Tri-State fares poorly in child well-being study

File photo
File photo

(AP) - Ohio, Kentucky and Indiana have fared poorly in a recent child well-being study.

The Kids Count report released Wednesday by the Annie E. Casey Foundation ranked Indiana 31st, Kentucky 35th and Ohio 27th when it comes to child well-being.

The survey reports 624,000 Ohio children, or 23 percent, were living in poverty in 2010. That's a jump from 2005, when the survey showed 506,000 Ohio children, or 19 percent, were living in poverty. But the data found Ohio improved in several areas, including more children having health insurance and fewer teens abusing alcohol or drugs.

The report found 22 percent of Indiana children lived in poverty in 2010, up from 17 percent in 2005. Indiana Youth Institute President Bill Stanczykiewicz said the increase is connected to other factors in the report. He says the number of Indiana children living in single-parent homes has risen 17 percent and studies show those children are five to six times more likely to end up living in poverty.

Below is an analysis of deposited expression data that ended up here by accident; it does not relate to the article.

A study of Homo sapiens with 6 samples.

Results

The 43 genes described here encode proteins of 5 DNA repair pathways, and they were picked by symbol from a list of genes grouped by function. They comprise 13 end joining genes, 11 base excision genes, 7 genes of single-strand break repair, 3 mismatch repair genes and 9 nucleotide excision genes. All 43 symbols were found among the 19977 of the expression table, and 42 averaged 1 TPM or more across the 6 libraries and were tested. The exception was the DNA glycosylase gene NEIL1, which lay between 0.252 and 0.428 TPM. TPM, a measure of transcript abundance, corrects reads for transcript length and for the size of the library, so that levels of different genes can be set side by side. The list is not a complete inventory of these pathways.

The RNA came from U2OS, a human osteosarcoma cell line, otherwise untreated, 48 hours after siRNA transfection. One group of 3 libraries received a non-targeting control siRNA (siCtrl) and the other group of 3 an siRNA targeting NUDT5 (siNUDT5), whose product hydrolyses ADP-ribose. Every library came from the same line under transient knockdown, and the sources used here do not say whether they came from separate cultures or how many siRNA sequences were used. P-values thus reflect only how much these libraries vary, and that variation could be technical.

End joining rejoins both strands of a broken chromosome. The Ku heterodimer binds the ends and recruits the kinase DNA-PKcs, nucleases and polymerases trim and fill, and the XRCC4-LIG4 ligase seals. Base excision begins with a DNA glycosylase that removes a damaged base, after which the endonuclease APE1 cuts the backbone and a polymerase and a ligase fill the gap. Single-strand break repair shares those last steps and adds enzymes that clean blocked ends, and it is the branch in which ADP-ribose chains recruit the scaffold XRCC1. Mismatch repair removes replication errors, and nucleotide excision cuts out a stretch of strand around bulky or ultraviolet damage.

The number of children in poverty in Kentucky rose 18 percent from 2005 to 2010. Kentucky Youth Advocates Director Terry Brooks urged lawmakers to take action, such as passing legislation that would benefit children. He suggested possibilities including a refundable state income earned tax credit, tightening laws that curb predatory lending and creating programs to address health issues.

Kentucky improved in many categories related to health and education.

The Annie E. Casey Foundation survey defines poverty as living in a household with incomes below $22,000 a year for a family of four.

To view the complete report, click here.